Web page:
How much is too much? Knowing recommended intakes of certain nutrients can help consumers understand food nutrition labels and make healthier choices.

Here are four dietary intake tips from the 2015-2020 Dietary Guidelines for Americans which is the basis for the US MyPlate, a nutritional tool published by the USDA Center for Nutrition Policy and Promotion and used to encourage health eating patterns in the US. MyPlate is also followed by the Cayman Islands Health Services Authority.

To find out your recommended caloric intake for your age and weight, and for more information on health eating guides visit

Consume less than 10% of calories per day from added sugars.

Added sugar is not necessary for a healthy diet, with high sugar diets linked to increased risk of heart disease, diabetes, obesity and dental issues.

Sugar-sweetened beverages have specifically been linked to obesity, especially in children.

Free sugars are those added to food (e.g. sucrose (table sugar), glucose) or those naturally present in honey, syrups and unsweetened fruit juices, but exclude lactose in milk and milk products as well as those sugars contained in fruit that is still intact – i.e. not juiced. Free sugars should account for less than 10% of daily energy intake.

Consume less than 10% of calories per day from saturated fats.

Fats are an important component of our diet. They provide energy (9 kcal per gram), carry fat soluble vitamins (A, D, E and K), and provide essential fatty acids which the body cannot make itself. However, too much fat can be unhealthy, lead to weight gain and increase the risk of associated health problems such as type 1 diabetes, some cancers and joint issues.

Saturated fat intake should be kept to less than 10% of calories a day for adults. A diet too high in saturated fats can increase LDL cholesterol and increase risk of heart disease and stroke.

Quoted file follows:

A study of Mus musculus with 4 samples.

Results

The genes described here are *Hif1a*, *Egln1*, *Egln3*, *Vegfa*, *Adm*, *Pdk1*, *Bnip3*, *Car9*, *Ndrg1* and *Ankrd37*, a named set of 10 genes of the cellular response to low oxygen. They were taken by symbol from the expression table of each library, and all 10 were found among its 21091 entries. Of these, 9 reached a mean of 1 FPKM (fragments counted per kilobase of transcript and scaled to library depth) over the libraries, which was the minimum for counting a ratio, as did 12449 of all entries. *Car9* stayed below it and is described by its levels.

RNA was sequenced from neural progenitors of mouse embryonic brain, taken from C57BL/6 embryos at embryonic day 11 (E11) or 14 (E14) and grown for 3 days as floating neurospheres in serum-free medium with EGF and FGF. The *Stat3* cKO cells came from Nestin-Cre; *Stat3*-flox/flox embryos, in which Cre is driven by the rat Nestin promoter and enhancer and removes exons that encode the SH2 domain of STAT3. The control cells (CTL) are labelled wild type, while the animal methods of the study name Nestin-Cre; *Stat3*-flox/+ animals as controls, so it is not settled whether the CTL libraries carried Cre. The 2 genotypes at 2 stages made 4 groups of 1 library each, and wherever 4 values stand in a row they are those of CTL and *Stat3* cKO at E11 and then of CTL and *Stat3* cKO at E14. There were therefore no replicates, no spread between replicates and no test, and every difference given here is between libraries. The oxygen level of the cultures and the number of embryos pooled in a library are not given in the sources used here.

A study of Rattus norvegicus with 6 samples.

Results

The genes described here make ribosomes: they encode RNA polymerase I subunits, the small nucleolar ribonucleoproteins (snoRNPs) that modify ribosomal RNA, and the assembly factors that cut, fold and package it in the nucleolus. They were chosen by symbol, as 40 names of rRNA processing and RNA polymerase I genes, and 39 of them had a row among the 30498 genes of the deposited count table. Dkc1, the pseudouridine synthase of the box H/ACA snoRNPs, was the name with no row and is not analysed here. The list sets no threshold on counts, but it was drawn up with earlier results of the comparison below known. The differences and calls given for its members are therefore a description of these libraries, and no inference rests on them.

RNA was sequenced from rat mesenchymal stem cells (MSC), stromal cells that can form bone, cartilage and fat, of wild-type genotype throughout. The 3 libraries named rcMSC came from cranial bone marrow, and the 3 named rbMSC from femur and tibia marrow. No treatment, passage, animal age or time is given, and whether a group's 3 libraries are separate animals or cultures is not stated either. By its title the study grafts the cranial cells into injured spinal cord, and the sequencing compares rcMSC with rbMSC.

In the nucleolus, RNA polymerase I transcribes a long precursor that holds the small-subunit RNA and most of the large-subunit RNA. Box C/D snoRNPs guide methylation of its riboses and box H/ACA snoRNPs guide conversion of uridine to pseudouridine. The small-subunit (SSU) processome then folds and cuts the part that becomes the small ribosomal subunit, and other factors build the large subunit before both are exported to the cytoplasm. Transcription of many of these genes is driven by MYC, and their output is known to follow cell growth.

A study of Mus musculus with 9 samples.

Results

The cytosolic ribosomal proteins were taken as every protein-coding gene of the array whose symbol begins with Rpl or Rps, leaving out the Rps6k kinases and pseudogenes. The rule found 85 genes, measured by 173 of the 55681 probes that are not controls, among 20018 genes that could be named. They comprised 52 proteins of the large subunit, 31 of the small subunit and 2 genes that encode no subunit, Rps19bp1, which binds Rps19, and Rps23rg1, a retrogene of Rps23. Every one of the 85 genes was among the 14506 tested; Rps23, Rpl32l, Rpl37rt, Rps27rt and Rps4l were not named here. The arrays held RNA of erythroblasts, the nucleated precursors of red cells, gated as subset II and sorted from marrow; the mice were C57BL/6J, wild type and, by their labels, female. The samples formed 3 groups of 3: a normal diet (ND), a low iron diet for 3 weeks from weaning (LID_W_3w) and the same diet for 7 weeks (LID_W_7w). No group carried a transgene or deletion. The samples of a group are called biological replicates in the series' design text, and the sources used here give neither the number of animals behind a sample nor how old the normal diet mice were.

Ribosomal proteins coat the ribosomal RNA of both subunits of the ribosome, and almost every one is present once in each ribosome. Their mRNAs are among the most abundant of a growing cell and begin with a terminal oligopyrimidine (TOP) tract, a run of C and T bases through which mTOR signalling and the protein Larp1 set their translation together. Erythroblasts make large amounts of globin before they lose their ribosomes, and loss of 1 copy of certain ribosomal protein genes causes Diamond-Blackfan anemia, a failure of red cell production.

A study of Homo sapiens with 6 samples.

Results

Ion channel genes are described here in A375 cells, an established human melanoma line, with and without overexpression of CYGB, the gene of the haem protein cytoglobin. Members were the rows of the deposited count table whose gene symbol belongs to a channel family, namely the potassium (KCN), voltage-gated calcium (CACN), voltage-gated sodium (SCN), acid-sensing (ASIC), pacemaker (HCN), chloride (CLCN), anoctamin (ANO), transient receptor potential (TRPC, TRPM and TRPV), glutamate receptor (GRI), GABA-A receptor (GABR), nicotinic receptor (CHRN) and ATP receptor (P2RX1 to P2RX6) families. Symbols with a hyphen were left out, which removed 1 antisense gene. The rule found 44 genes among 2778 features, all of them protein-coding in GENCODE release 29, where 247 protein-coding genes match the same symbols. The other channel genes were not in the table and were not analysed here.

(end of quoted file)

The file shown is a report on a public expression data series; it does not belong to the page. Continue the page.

Limit dietary cholesterol.

The Dietary Guidelines do not offer a set limit for dietary cholesterol; however they do state that people should limit their dietary cholesterol to as little as possible.

In general, foods that are higher in dietary cholesterol, such as fatty meats and high-fat dairy products, are also higher in saturated fats. The primary healthy eating style described in the Dietary Guidelines is limited in saturated fats, and therefore also limited in dietary cholesterol.

Consume less than 2,300 mg per day of sodium.

Dietary guidelines recommend that the general population consume no more than 2,300 milligrams of sodium, or around 6 grams (about a teaspoon) of table salt a day, however keeping it below 3 grams may be better.

About 75% of the salt we eat is already added to the food we buy and too much can increase blood pressure and risk of heart attack, kidney disease and stroke. Choose unprocessed, fresh food where possible to keep sodium intake down, and use spices and herbs to add flavour to dishes instead of adding salt.

General recommendations relate to the general population. Anyone with medical conditions who is looking for dietary advice, should talk to their doctor or a dietician.